Peaceful Church Protest in Brooklyn Brings Disruption, Blessing, and a Call for Change

People participate in the “Prayerful Protest,” a march in memory of George Floyd and against police brutality, in Brooklyn, New York, on June 2, 2020. RNS photo by Roxanne Stone

NEW YORK (RNS) — “No justice, no peace.”

The rhythm of the call and response chant was a simple one.

It was only a few minutes, though, before a handful in the crowd of Brooklyn protesters mirrored the cadence, but substituted choice curse words of their own.

That didn’t last long.

“That’s not our movement!” a bystander in the crowd shouted. “Our movement is love. God is love!”

Organized by The Bridge Church, a 6-year-old ethnically diverse congregation in downtown Brooklyn, the “Prayerful Protest” saw several thousand people from more than 80 New York City churches gather on Tuesday evening (June 2) in Brooklyn to march peacefully in support of Black Lives Matter, and in response to the deaths of George Floyd and Breonna Taylor at the hands of police.

“Peaceful” was a critical word for the organizers.

“I think Christians want to protest, but I think they’re confused about how to protest because right now it’s been marked as ‘violent,’” organizer James T. Roberson III told Religion News Service in an interview before the march. “We are angry and we believe God is angry too. But because we are looking toward God, we are not seeking retribution by seeking violence.”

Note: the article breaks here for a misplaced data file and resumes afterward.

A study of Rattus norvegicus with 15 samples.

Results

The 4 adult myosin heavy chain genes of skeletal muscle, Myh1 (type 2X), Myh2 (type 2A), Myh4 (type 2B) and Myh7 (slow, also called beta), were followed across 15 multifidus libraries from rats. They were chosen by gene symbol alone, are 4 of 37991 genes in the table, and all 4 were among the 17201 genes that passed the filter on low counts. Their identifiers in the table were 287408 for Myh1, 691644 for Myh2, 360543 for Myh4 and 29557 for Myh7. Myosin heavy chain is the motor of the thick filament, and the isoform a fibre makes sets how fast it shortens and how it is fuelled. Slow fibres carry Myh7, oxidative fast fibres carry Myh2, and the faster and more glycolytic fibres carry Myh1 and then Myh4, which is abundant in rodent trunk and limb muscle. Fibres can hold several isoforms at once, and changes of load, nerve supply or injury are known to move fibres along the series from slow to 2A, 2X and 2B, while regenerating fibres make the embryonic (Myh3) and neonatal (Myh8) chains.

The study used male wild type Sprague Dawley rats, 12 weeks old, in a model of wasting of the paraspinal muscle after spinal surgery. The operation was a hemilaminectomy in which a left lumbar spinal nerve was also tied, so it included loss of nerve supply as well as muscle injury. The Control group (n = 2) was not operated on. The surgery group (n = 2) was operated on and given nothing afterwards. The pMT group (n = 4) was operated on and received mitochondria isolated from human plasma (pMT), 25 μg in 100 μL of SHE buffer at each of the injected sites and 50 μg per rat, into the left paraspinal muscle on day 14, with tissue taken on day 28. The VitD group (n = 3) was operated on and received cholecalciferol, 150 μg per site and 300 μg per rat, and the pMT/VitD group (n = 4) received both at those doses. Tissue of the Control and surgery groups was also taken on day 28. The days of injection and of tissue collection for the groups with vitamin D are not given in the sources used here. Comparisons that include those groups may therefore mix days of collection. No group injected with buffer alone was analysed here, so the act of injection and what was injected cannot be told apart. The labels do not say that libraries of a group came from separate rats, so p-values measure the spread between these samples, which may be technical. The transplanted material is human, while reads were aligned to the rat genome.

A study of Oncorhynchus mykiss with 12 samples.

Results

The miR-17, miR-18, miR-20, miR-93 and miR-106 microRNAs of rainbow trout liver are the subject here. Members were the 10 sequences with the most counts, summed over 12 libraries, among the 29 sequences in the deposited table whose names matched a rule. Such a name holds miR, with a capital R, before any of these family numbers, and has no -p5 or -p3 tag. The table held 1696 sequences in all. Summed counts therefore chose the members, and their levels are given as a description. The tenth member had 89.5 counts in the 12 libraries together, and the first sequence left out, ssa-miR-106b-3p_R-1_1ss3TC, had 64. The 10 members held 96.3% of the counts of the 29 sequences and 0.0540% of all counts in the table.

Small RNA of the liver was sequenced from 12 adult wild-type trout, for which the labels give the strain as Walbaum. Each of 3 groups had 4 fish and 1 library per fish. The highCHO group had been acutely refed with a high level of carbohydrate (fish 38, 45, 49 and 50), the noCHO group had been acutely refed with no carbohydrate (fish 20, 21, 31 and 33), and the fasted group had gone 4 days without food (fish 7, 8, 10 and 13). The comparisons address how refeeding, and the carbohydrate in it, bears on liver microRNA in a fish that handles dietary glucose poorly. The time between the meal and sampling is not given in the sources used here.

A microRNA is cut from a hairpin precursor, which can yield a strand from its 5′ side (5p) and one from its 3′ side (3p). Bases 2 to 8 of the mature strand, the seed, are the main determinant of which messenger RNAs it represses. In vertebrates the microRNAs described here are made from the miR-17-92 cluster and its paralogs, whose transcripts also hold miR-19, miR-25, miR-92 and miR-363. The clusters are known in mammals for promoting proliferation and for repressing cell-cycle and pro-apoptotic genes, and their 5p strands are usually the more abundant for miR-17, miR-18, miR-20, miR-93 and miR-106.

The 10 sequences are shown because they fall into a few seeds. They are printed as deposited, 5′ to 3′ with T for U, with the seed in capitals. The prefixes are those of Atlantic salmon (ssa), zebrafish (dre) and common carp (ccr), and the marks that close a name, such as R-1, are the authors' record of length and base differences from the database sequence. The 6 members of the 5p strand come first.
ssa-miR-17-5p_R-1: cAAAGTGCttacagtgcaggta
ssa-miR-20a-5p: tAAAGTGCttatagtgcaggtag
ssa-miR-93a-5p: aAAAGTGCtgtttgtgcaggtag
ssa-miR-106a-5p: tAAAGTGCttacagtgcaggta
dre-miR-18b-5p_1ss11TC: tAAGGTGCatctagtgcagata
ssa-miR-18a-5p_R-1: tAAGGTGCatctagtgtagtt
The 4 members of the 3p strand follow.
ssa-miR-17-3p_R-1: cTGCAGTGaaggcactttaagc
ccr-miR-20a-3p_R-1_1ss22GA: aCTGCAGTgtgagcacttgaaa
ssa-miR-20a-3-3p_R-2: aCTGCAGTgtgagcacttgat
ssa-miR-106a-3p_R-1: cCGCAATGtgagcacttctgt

Organizer James T. Roberson III, lead pastor at Bridge Church NYC, speaks to participants before the “Prayerful Protest” in Brooklyn on June 2, 2020. RNS photo by Roxanne Stone

Roberson, the lead pastor at Bridge Church NYC, said Christians need to own the act of protesting. “We are Protestant Christians, after all,” he said, emphasizing the first two syllables of the word. “We are countercultural by nature. We are protesting systems, principalities, powers in the world. A protest is just a physical way of embodying the way we operate spiritually anyway.”

He said the idea for the march initially came from his friend Justin Mattera, lead pastor at Zion Church in Bay Ridge Brooklyn. Roberson described Mattera, who also runs a coffee shop and a marketing company, as a “networker and mobilizer.”

Roberson, though, was less than enthusiastic about taking part in the march when Mattera first pitched him on it.

“I’m tired. Trying to understand life as a black man,” Roberson said. “But then once I put the phone down, there came kind of a ‘God moment,’ where I was like, why not us?”

He called some friends and colleagues and within 20 minutes, Roberson said, several other pastors and churches in his network had already agreed to join as well.

“I think a lot of churches wanted to do something,” he said. “But they wanted to make sure black people were out in front.”